More Sadness in Iraq

Shit. What a shitty weekend for US Troops. I wonder how much longer Bush will be calling this a "success."

Via NY Times:
Three American soldiers were killed in Iraq today, including two whose throats were slashed, a military official said, after they came under attack in the northern city of Mosul with rocks and gunfire.

Juan Cole has more on this:

Reuters reports that two US soldiers were shot while stuck in traffic in Mosul, and that then crowds gathered to loot their bodies and vehicle (which they tried to set on fire), shouting angry slogans. They may have survived the shooting and then the crowd slit their throats. [Later reports speak of the soldiers being dragged out of their vehicle and pummeled with concrete blocks.] People of Mosul have been upset by recent US military actions in the area. In Baquba, another US soldier was killed by a roadside bomb.
...I just do have to remark that this incident is an alarming indication that the US is losing the battle for hearts and minds. Mosul is not in the Sunni Arab triangle where hostility has run high, though it does have a substantial Arab population, and a long-lived Muslim Brotherhood branch. But my impression from earlier reports was that progress had been made. I guess you can win hearts and minds or you can pound an Iron Hammer, but it is tough to do both.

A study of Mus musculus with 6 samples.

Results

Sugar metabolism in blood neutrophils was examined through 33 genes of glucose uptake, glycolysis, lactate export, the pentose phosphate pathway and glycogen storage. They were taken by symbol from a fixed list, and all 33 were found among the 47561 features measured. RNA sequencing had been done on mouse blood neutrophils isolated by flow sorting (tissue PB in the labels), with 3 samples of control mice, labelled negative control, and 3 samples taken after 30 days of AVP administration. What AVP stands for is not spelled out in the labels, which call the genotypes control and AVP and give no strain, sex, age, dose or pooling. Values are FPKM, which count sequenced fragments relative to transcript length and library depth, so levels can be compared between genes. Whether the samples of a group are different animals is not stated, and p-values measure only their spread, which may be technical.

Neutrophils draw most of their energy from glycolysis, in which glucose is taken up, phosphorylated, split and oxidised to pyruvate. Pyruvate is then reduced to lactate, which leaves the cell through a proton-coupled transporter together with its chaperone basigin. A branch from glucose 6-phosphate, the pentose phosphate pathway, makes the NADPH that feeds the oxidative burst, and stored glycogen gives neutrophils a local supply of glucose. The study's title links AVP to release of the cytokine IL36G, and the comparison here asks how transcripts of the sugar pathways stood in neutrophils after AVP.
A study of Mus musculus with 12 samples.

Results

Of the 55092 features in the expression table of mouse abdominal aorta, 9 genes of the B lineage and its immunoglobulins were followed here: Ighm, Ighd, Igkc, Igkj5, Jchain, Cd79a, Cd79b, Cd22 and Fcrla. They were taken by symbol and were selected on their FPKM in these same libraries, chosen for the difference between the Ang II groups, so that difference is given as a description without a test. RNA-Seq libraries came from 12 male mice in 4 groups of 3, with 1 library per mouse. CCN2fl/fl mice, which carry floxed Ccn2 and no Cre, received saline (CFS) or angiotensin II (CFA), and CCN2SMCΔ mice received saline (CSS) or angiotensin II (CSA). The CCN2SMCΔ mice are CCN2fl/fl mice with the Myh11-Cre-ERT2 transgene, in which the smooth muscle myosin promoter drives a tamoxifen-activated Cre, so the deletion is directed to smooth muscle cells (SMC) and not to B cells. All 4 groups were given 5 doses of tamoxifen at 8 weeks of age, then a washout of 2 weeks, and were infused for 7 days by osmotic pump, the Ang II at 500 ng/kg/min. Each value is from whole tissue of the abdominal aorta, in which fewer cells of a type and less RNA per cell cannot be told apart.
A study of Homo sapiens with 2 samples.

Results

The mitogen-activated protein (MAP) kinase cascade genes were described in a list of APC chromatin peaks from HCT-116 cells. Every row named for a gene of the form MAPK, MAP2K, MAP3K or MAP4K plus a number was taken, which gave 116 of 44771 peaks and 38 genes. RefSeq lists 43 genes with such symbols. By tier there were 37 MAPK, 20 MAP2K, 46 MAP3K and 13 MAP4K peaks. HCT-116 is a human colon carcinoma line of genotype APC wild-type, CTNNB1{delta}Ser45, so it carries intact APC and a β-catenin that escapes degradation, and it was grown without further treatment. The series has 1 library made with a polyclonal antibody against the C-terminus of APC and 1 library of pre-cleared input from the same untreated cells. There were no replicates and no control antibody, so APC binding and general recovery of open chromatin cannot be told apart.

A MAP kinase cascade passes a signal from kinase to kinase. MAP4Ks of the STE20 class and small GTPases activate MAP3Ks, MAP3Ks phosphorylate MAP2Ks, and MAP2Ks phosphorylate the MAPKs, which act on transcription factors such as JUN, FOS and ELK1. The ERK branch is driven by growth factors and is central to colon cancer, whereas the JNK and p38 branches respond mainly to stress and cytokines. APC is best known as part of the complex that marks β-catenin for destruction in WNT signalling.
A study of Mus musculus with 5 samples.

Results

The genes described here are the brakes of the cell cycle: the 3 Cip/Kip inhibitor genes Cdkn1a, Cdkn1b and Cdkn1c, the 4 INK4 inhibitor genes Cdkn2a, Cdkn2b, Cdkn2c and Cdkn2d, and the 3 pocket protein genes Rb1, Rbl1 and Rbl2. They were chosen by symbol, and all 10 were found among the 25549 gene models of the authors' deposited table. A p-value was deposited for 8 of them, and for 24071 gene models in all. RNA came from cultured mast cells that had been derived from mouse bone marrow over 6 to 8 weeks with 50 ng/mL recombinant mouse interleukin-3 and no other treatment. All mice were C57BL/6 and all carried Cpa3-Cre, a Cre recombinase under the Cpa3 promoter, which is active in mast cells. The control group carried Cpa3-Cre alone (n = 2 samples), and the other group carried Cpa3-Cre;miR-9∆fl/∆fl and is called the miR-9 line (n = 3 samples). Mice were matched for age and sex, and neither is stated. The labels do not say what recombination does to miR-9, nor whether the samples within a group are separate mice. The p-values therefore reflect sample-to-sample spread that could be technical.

Via Austin American Statesman / Associated Press:

Since April, the military says, at least 17 Americans — 15 Army soldiers and two Marines — have taken their own lives in Iraq. The true number is almost certainly higher. At least two dozen non-combat deaths, some of them possible suicides, are under investigation according to an AP review of Army casualty reports.

No one in the military is saying for the record that the suicide rate among forces in Iraq is alarming. But Lt. Gen. Ricardo Sanchez, the top American military commander in Iraq, was concerned enough, according to the Army Surgeon General's office, to have ordered a 12-person mental health assessment team to Iraq to see what more can be done to prevent suicides and to help troops better cope with anxiety and depression.
"In most previous conflicts you went, you fought, you came home," Rudd said. "In this one they went, they fought, they're still there."

Rudd said she knows of no studies that show a definitive correlation between length of deployment and military suicide rates. But Michelle Kelley, a psychiatrist who studies deployment-related stress for the Navy, said the longer the deployment, the greater the strain on a relationship with a loved one.